Meet Managing Director and Bestselling Author Belinda Lei
In 2019, approximately only 9% of main characters in U.S. books were of Asian descent, 12% were Black, and only 3% of total books included a LGBTQIAP+ character (CCBC).
When minority kids do not see themselves in the books they read and the media they consume, they begin to feel like their stories don’t matter. Act To Change’s Managing Director Belinda Lei felt the same way growing up, and she is now changing the narrative for the next generation, with her best-selling debut novel, Not THAT Rich.
Gossip Girl meets Crazy Rich Asians in this satirical, juicy and dramatic debut novel about a group of private high schoolers in an affluent Southern Californian suburb. The novel reached Amazon’s #1 New Release and #1 Bestselling status within a week of publishing for Asian American YA Fiction and Immigration & Emigration Fiction.
Having been raised to almost imitate the model minority stereotype—the myth that all Asian Americans are a law-abiding, hardworking, overachieving, silent, and also (in the wake of the COVID-19 pandemic) a virus-spreading minority group, Belinda is hoping to shatter the model minority myth with her novel while also supporting AAPI youth in her role as Managing Director of Act To Change.
In a recent blog post about “Why it’s important to have a diverse bookshelf,” Belinda writes:
“By writing Not THAT Rich, I wanted to present a set of fun (and dramatic!) experiences that also exposed young adult readers to a cast of characters that reflected my world growing up – one that reflected the ethnic suburban enclaves that were part of my world. My hope for the book is that it emphasizes the diversity of Asian American culture, but also offers up the common challenges that teenagers all experience today – educational and familial pressures, identity struggles, and peer pressure.”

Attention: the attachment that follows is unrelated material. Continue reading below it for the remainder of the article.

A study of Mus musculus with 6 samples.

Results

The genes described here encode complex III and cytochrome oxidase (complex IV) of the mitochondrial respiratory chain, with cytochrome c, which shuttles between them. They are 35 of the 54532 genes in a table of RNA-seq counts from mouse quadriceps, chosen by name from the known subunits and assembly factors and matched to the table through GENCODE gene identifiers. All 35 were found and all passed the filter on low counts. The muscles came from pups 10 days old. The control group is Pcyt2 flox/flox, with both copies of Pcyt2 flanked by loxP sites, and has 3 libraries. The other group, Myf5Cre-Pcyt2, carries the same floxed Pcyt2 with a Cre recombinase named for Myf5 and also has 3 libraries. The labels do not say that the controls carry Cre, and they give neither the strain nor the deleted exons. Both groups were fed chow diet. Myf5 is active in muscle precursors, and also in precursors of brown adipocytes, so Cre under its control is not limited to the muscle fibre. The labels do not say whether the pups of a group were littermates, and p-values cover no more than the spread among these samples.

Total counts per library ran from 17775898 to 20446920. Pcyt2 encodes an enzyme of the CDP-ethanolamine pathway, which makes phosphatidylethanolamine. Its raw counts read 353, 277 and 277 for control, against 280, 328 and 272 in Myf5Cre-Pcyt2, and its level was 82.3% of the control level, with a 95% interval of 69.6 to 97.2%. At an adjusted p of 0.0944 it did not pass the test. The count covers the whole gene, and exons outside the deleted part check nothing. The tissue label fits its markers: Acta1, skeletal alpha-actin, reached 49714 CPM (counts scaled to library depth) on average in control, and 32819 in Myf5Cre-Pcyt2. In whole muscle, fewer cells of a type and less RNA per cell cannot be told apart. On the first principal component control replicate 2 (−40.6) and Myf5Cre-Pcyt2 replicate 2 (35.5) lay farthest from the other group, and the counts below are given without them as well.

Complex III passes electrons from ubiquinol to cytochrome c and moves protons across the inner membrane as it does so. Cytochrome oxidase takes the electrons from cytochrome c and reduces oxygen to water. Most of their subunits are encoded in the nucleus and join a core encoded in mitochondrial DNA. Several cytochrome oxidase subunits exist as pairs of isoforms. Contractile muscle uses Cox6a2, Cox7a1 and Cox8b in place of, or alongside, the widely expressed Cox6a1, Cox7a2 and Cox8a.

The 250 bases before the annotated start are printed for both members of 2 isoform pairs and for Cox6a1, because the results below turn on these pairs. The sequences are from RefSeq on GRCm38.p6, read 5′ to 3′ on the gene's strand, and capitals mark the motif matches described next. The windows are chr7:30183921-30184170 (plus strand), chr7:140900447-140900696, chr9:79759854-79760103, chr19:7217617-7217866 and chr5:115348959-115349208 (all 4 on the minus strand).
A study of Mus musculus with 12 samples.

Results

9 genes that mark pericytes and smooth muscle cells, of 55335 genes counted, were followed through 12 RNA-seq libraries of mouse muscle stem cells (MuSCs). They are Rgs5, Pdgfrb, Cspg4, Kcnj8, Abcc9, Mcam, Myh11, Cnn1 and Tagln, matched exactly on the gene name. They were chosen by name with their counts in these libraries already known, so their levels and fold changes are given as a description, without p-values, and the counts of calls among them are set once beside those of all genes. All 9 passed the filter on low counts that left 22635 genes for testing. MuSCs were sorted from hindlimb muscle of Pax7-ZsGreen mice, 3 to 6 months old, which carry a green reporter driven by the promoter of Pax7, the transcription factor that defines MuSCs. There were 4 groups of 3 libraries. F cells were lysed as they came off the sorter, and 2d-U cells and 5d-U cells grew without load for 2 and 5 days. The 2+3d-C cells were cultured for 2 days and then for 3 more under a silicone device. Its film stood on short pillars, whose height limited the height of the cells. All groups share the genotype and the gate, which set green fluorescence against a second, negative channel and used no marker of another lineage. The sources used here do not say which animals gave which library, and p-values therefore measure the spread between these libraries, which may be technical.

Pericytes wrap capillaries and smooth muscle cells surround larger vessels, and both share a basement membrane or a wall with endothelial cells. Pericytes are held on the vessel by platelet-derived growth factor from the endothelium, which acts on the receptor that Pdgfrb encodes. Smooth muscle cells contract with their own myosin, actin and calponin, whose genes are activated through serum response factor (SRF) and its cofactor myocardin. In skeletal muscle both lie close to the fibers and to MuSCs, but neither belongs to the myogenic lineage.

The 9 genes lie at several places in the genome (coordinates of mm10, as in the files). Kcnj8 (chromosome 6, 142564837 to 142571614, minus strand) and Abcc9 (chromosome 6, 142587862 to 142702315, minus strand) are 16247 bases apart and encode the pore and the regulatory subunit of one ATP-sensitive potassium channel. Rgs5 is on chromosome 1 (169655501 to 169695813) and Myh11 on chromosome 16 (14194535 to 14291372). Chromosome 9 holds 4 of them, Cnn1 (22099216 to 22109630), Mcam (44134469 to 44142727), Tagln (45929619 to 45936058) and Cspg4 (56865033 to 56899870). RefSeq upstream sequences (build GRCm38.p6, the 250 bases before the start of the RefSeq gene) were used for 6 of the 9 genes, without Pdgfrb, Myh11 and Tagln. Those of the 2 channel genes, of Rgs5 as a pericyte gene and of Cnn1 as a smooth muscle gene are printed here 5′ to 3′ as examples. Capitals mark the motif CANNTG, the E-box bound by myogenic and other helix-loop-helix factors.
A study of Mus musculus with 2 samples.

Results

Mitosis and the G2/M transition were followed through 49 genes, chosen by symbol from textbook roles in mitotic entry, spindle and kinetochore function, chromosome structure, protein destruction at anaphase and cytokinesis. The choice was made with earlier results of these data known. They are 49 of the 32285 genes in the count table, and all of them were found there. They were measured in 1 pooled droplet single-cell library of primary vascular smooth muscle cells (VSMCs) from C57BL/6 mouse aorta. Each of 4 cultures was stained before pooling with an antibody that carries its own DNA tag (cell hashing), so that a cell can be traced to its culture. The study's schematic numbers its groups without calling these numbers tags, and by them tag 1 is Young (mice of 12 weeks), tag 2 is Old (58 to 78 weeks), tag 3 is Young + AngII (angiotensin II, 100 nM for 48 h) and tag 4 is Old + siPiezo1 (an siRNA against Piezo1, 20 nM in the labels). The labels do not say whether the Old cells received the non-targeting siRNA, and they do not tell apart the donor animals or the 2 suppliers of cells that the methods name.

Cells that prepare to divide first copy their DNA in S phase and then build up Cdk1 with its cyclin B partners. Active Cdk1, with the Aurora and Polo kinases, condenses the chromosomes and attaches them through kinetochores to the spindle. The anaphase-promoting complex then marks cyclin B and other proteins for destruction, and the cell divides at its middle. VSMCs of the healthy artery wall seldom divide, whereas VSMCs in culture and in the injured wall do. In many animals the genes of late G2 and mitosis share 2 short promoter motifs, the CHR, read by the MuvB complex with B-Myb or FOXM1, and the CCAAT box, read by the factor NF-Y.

Having been brought up in a strong Asian American community like the San Gabriel Valley, Belinda got to witness firsthand the many different shades of being an Asian American as the daughter of first-generation Chinese immigrants. And many around her face the following dilemmas:
- Where is personal identity in between two distinctly different cultural identities?
- What does it really mean to be Asian American?
- What’s the right way to be Asian American?
These are the questions that many characters in Not THAT Rich ask themselves on a regular basis. The truth is that there is no one single, or one correct way to be Asian American. That’s the myth that Belinda’s book is aiming to change.
Every Asian American, every child, every person has a unique identity and story, and there is no need to fit into a mold. Not THAT Rich inspires every child to shine and be their true selves without any qualms.